You can’t see it, touch it, smell it, or taste it. It is like nothing else in the known world. It exists silently alongside ordinary matter, not interacting with it, but exerting a powerful effect. Its strange, almost imperceptible presence affects the very fabric of the cosmos—in fact, it holds creation together.
Though it sounds like a concept out of Avicenna or Aquinas, this strange thing is an object of intense study in modern physics: dark matter. While deep mysteries remain, thanks to new methods and approaches—some of which stretch the boundaries of science itself—astronomers are peeling back the veil to learn more about this invisible component of our universe.
Dr. Priya Natarajan, professor of astronomy and physics at Yale University, recently sat down with us to walk through new discoveries in a fascinating discussion called “Paradigms, Anomalies, and Discoveries.” In addition to her work probing dark matter, Dr. Natarajan is the leader of a John Templeton Foundation-supported project exploring the nature of inference in the physical sciences.
“Exciting discoveries are opening up ever new questions,” she says, “and those questions are now hitting up against the walls of the limitations of the ways in which we have posed these questions and the methods we have used to probe the universe.”
‘The Scaffolding and the Cocoon’: Mapping the Shape of Dark Matter
Though dark matter makes up roughly six times the mass of visible matter in the universe—that is, all the billions of galaxies and billions of trillions of stars that astronomers study through telescopes—we cannot detect it directly. We do not know what it is made of. All we know is that clumps of it aggregate, and these clumps are unimaginably massive.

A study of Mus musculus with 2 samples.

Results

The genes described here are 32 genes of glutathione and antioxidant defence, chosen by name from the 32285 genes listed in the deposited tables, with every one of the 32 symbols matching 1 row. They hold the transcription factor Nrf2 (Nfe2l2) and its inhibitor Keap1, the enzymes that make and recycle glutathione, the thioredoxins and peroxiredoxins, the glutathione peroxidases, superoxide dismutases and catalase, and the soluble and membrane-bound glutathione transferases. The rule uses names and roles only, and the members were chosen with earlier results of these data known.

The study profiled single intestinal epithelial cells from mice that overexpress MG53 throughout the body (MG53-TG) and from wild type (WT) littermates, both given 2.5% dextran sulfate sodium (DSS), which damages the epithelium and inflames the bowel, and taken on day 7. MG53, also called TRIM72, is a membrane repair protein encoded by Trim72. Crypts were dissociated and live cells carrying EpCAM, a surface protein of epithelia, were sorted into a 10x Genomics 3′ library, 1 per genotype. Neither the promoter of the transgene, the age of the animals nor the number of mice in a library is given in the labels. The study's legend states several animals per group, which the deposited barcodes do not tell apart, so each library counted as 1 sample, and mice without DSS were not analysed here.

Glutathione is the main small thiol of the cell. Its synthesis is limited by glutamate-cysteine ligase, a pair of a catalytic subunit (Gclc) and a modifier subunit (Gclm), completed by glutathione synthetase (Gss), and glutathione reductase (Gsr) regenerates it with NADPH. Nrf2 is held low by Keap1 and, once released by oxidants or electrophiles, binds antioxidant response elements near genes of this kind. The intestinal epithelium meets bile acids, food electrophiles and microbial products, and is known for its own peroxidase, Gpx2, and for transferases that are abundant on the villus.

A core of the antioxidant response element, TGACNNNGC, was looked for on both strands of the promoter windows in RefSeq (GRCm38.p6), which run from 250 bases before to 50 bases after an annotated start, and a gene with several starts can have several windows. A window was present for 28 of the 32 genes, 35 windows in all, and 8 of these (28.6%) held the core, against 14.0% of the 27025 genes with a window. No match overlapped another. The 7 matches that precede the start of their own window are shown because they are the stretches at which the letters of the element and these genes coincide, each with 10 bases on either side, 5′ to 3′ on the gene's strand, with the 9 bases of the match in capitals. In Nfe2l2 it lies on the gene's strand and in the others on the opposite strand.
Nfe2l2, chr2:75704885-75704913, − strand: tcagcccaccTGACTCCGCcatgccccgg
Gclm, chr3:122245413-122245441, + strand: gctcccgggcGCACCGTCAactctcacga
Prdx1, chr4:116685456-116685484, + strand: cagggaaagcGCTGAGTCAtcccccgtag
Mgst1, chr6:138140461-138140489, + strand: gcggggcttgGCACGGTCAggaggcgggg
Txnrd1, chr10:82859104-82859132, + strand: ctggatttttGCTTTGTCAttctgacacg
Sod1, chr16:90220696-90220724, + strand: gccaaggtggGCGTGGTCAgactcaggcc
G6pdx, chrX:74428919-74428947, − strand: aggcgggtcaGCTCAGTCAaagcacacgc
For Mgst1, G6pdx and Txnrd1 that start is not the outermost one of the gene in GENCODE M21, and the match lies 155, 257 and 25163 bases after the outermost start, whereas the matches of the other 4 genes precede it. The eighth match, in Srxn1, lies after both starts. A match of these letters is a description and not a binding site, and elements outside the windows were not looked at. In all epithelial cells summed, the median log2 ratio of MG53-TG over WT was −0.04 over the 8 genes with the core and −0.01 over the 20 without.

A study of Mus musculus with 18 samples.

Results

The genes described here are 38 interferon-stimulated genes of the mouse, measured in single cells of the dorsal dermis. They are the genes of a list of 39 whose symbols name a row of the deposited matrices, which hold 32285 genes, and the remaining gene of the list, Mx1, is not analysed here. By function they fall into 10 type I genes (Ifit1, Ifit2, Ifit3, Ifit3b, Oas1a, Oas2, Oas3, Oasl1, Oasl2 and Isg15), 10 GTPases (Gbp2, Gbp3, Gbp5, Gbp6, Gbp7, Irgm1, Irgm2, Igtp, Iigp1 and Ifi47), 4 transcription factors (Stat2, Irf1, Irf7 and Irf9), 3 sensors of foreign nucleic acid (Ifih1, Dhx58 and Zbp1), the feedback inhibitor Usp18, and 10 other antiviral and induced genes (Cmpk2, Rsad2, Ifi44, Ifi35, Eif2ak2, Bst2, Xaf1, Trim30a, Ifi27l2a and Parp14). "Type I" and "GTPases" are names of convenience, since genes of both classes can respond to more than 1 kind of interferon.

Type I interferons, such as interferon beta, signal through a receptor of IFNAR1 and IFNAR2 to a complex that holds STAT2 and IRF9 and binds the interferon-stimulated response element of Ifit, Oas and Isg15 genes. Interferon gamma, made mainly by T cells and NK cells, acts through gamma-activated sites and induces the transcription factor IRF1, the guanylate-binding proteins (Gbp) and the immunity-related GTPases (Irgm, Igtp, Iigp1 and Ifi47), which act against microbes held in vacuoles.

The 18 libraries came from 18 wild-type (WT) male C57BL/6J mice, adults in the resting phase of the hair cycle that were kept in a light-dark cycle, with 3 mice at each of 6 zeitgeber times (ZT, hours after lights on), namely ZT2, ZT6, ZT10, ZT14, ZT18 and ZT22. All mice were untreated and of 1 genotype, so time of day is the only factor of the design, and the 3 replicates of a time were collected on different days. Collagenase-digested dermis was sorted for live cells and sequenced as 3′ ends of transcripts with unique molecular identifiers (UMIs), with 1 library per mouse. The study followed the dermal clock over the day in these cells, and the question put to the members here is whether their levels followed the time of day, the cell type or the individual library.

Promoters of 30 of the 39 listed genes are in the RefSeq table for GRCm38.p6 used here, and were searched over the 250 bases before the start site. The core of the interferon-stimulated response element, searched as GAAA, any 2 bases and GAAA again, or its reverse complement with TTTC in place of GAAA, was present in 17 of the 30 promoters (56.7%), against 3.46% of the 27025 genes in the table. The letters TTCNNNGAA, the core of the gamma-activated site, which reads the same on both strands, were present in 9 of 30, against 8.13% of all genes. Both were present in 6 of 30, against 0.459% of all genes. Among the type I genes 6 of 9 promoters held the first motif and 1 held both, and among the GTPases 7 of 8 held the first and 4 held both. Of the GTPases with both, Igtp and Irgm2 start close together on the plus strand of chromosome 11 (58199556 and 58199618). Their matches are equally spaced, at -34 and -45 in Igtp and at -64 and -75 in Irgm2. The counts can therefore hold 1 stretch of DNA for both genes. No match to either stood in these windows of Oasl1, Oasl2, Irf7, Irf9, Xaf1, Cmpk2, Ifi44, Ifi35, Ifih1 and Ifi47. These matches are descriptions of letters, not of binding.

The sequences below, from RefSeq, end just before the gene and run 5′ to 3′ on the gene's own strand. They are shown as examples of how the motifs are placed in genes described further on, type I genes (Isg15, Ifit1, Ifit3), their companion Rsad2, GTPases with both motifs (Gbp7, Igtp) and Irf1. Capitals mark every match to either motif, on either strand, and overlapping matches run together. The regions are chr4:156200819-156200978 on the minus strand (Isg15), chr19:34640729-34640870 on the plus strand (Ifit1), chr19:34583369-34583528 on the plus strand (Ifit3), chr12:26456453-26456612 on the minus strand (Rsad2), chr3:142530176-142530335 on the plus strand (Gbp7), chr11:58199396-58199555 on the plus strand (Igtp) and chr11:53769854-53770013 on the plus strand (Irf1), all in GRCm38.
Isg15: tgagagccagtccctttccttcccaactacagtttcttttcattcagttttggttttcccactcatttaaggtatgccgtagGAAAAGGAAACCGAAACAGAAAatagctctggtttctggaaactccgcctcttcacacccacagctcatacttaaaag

Dr. Natarajan explains that the only way to “see” dark matter is to infer its presence, as she has done by examining how concentrated clumps of dark matter bend light. These clumps create distortions in the real shapes of galaxies, like a cosmic funhouse mirror. She and her team have meticulously untangled these warped shapes to create the first detailed, high-resolution topographic maps of the dark matter that caused them.
“I’m obsessed with mapping in general and this process of epistemically mapping,” she says. “I believe mapping is knowing.”
The Collision of the Subjective and Objective
Her study of such numinous, elusive stuff has given Dr. Natarajan a unique view on the limits of scientific inquiry. It has also inspired reflection on how the practice of science could and should be changed. In the past, she says, the content and context of science were believed to be separate, creating an “artificial distinction.” She commends new ways of thinking about science that acknowledge the importance of context— who is asking the questions, in what institutions, with what values. “The very questions we ask in science,” she says, “has everything to do with values.”
The history of how radical ideas have been proposed, adjudicated, adopted, and accepted as fact by the scientific community shows the importance of ambient and structural factors. And the narrative of science is often “sanitized” to avoid showing the failures that define much of science.
“I think the context and content of science are deeply intertwined,” she says. “Who comes up with the radical idea, how they pose the question, what resources they have to pose it – all play a role in how an idea gets accepted as scientific fact.”
This process suggests that an update is needed to the influential view put forward by the philosopher of science Thomas Kuhn, who argued that science advanced by sudden revolutions in ideas—paradigm shifts: from a geocentric to the heliocentric model of the solar system, from Newtonian physics to relativistic and quantum mechanics. The advance of knowledge is more a combination of revolution and evolution, argues Dr. Natarajan.
While some aspects of science need revision, and its progress is “provisional and uncertain,” she notes, science remains “the best way forward for understanding nature and our place in the scheme of things.”
Explore more of the great minds from across the sciences and humanities in our other Speakers Series conversations and learn more about Dr. Priya Natarajan’s work on Understanding the Nature of Inference: Discerning Deeper Correlations and Causation.